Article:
In highschool, we studied the countries involved in the World Wars. We learned about the two main groups opposing each other during World War II, the Allied and Axis Powers, and we also learned about a third group, the neutral one, namely Switzerland. That meant that when Germany and its allies attacked and fought against France and its allies, Switzerland did not take part in this war and consequently maintained a stable status within its borders. Furthermore, it made significant economic profit due to the increase of investments in its national and private banks.
Palestinians living in Israel seek to be Switzerland when it comes to their stance on the Israeli-Palestinian conflict. When asked to express our point of view, we feel pressure from Israelis and Palestinians, and a competing desire to support both, yet neither, at the same time. While we are citizens of the state of Israel and enjoy some of the rights and privileges that accompany this status, we are also part of the Palestinian people, and that itself poses an obstacle to these same rights we partially enjoy.
Simple questions such as, “Are you a Palestinian or an Israeli?,” pose a dilemma to us and the average Palestinian citizen of Israel interprets this as, “Are you with the Israelis or with the Palestinians?” The desire we have to maintain a neutral, Switzerland status often causes us to “straddle the fence.”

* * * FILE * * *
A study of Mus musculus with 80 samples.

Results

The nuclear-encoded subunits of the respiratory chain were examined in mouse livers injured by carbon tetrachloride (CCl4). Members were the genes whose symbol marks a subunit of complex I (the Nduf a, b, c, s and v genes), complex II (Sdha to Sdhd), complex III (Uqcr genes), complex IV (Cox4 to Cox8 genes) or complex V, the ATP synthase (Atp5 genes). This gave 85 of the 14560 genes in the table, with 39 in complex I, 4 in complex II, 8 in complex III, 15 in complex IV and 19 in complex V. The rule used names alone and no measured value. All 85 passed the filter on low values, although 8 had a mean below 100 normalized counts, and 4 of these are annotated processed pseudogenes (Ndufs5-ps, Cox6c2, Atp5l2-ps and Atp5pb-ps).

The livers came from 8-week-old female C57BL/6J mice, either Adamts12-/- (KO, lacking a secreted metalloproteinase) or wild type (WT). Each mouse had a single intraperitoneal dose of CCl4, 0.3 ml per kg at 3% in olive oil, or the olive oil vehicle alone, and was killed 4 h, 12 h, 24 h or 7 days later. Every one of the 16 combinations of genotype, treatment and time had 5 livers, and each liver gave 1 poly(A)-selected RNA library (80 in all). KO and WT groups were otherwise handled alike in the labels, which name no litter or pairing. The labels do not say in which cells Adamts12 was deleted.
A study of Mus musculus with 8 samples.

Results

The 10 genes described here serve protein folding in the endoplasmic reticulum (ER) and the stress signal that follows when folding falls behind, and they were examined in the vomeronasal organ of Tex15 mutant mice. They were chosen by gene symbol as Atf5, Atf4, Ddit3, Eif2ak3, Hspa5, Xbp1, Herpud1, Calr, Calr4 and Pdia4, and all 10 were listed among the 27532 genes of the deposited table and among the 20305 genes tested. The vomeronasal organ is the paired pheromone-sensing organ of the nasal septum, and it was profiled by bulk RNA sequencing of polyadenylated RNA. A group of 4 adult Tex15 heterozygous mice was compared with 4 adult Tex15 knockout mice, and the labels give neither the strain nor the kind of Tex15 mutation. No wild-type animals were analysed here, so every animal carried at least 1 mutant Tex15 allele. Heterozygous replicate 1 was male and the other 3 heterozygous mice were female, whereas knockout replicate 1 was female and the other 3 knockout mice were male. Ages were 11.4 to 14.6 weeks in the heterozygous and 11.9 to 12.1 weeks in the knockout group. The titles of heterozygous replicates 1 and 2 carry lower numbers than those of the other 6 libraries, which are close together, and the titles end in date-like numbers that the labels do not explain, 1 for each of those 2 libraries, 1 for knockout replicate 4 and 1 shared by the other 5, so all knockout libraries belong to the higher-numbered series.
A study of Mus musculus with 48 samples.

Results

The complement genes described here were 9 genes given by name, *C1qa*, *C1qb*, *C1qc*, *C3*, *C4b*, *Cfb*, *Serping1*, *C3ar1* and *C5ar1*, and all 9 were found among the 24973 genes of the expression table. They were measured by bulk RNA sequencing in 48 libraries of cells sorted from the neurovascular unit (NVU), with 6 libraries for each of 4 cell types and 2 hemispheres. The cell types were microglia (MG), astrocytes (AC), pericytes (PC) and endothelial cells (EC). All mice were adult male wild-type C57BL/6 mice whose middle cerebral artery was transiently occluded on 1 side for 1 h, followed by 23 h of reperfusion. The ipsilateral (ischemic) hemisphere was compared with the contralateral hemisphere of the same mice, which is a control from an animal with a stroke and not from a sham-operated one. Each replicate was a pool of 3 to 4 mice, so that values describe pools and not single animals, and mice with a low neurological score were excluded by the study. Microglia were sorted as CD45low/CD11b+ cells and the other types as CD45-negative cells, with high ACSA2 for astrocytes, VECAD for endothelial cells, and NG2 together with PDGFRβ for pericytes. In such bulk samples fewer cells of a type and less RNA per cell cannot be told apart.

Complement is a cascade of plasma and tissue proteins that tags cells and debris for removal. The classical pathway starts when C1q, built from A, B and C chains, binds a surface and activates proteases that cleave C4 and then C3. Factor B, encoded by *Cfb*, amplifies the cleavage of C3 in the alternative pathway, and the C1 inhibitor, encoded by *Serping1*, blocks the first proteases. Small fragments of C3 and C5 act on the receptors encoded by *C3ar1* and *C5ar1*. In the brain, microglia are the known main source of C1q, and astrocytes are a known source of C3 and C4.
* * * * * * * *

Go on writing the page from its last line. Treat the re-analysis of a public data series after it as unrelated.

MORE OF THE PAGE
In today’s world, this Switzerland mentality is of little benefit to anyone. Switzerland’s neutrality prevented it from saving the lives of many refugees that it chose not to absorb. During the Holocaust, Swiss banks were used to launder goods and funds for Nazi officials, and at the same time, allow Allied powers to gather intelligence information about the Axis powers. This shows that neutrality, particularly in Switzerland’s case, does not truly exist. It also shows that neutrality comes at a cost.
It is high time to weigh the cost of our Switzerland mentality when considering the necessity to challenge the status quo in the Israeli-Palestinian conflict. The alternative is not about taking sides, if taking sides means protracting the current deadlock to a peaceful resolution. Instead, the alternative is to be confident and unashamed in our call for equal rights for Palestinian citizens in a democratic Israel, and to call for the end of the Israeli occupation of our Palestinian people.